CFTC Enforcement Director James McDonald declared the past year to be "among the most vigorous in the history of the CFTC” from an enforcement perspective, in a speech before NYU’s Program on Corporate Compliance & Enforcement. In his remarks, McDonald covered quite a bit of ground, including an update on the division’s activity over the fiscal year (ending September 30th), priorities and initiatives going forward, as well as recent developments regarding the division’s cooperation and self-reporting program. The DOE’s 2018 Annual Report was released in connection with the speech.
A robust enforcement agenda in 2018. After 2017, a year where civil monetary penalties and case filings plummeted, fiscal year 2018 was an extraordinary year for DOE by any number of measures. McDonald noted this year saw the third highest number of cases filed in commission history, the fourth highest amount of penalties imposed, the most ever number of cases involving manipulative conduct, and parallel criminal actions. The director also indicated that more than two-thirds of cases brought included individual charges, which is the highest percentage ever for the commission. Moreover, the number of whistleblower cases and their associated awards were also the highest in the agency’s history.
A journey behind the numbers—a look at division priorities. McDonald endeavored to take the audience behind the numbers as he identified the following four central priorities ungirding the DOE’s program:
- Preserving market integrity. Price discovery is at the heart of the commission’s mission. During Fiscal Year 2018, the CFTC brought 26 cases involving misconduct related to interfering with price discovery processes, the most in its history. In comparison, from 2009 to 2017, the CFTC, on average, brought about six such cases per year.
- Protecting customers. The commission brought a case centering around a massive national and international binary options fraud ring involving approximately 75,000 victims, as well as numerous cases involving fraud in connection with virtual currencies. The DOE has successfully taken a number of these matters to trial when necessary.
- Promoting individual accountability. Over two-thirds of commission cases involved charges against individuals, including personnel at financial institutions, proprietary trading firms, and managed funds. Those charged have included primary wrongdoers, as well as those who have facilitated misconduct as aiders and abettors. Actions have also been based upon failure to supervise and control person liability which has led to charges being brought against supervisors, desk heads, CEOs, and a Chairman of the Board.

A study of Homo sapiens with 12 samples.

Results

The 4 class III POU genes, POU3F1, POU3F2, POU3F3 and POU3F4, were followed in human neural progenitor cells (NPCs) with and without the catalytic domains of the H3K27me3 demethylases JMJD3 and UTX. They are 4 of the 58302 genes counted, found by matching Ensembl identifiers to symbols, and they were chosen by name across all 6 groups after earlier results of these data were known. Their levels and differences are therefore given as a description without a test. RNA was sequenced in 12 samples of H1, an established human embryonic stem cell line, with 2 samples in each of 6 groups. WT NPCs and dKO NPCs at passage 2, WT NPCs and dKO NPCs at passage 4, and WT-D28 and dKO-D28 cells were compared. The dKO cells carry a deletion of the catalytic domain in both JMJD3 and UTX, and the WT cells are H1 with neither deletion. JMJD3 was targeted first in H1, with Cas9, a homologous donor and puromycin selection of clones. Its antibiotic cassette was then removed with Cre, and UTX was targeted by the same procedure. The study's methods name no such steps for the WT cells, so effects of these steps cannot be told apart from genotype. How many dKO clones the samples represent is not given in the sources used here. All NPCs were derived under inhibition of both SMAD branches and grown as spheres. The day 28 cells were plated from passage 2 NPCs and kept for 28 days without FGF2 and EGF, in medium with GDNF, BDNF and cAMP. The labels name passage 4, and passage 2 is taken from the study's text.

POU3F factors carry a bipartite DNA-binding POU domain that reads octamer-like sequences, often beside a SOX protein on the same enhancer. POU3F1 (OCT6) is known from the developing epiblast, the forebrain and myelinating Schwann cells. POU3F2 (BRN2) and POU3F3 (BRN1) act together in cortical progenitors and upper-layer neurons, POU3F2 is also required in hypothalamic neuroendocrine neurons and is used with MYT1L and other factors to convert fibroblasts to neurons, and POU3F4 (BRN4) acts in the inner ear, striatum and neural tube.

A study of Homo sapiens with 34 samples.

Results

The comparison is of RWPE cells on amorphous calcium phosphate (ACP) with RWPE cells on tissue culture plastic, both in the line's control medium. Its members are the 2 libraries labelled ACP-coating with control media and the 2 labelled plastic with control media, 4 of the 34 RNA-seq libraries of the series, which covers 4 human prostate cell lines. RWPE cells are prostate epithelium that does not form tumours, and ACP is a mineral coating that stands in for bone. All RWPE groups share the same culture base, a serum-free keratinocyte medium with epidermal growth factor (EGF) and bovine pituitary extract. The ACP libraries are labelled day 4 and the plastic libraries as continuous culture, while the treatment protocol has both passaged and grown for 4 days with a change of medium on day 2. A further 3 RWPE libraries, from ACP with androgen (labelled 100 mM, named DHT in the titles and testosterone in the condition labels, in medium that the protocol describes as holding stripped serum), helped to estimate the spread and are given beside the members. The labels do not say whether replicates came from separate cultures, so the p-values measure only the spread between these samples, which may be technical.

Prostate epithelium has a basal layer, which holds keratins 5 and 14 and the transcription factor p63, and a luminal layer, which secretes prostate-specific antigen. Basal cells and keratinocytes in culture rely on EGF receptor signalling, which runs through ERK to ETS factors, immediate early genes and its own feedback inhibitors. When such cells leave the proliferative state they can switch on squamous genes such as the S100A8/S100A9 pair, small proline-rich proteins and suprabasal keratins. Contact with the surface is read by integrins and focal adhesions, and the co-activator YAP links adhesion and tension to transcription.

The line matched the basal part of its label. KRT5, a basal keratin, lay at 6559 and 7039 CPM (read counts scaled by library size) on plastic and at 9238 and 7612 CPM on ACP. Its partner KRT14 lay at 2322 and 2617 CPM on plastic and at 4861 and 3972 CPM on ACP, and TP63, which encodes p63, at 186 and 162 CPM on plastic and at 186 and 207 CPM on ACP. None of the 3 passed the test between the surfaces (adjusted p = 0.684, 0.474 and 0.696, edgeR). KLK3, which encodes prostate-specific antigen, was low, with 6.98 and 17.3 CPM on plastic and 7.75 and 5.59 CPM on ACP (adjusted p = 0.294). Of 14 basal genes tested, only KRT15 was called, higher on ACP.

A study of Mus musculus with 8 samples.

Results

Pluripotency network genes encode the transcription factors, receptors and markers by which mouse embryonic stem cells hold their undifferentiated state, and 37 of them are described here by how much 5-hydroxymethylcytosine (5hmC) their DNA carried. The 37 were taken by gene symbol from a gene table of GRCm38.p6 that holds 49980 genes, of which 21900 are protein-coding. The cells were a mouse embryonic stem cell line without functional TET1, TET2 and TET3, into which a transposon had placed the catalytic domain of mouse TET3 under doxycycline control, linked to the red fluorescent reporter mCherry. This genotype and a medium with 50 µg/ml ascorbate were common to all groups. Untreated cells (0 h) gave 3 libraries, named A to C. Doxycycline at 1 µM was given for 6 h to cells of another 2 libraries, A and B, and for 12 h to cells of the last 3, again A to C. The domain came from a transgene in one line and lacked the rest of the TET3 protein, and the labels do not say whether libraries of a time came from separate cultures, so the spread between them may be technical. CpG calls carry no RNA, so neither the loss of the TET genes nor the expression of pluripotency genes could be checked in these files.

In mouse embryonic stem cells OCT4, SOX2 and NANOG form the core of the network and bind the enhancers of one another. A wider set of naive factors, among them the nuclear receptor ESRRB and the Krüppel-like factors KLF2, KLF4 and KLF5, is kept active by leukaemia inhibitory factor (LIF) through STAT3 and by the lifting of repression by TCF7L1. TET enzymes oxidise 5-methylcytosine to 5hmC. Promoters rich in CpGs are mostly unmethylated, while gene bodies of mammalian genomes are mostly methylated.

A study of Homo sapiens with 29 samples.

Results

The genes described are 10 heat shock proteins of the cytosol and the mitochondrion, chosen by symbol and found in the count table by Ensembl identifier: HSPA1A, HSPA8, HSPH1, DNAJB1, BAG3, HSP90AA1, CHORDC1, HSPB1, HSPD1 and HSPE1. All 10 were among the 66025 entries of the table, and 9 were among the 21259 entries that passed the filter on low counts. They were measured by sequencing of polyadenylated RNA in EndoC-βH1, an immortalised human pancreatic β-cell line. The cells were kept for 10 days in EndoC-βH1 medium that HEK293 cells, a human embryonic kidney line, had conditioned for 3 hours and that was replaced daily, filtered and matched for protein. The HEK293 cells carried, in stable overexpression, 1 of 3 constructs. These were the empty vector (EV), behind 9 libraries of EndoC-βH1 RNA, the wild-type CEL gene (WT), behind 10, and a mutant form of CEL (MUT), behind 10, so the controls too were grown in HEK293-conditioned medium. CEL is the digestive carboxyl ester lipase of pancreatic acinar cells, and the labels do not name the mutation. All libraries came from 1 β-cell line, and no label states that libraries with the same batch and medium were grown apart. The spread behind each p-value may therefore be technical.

- Enhancing coordination with other regulators and criminal authorities. McDonald pointed to parallel actions involving spoofing and manipulative conduct that the CFTC filed together with the Department of Justice and FBI in January 2018. The commission, for its part, filed charges against three financial institutions and six individuals which included a $30 million fine, the largest civil monetary penalty ever imposed for spoofing-related misconduct. The director noted that a robust combination of criminal and regulatory enforcement is critical to achieving optimal deterrence.
The early returns look good—an update on cooperation and self-reporting. Through the end of September, the CFTC had issued three significant orders which involved self-reporting. Each of those matters included a civil monetary penalty that reflected a significant reduction on account of the self-report, cooperation, and remediation. Moreover, the commission advanced its individual cooperation program to sign up individuals to cooperation agreements, which led to significantly reduced penalties, and in some cases, no civil monetary penalty whatsoever was imposed.
McDonald noted that through the self-reporting program, the commission has brought actions against both companies and individuals, including supervisors and senior management, that it otherwise might not have been able to charge. Moreover, McDonald indicated that the self-reporting program continues to grow, and two additional matters of import have been brought in the past five weeks.
Notably, the CFTC recently brought an action against a managing director at Deutsche Bank in connection with fraud arising out of his mismarking swap valuations in an attempt to cover up more than $10 million in trading losses. Notwithstanding, the DOE declined to prosecute the bank on account of its self-reporting, cooperation, and remediation, and issued its first ever declination letter reflecting the same. On this score, McDonald concluded, "this is how our self-reporting program is designed to work. We want companies to have sufficient internal controls to catch wrongdoing when it happens." He added, "When they find misconduct, we want them to take appropriate remedial steps—to fix the problem, and to make sure it won’t happen again."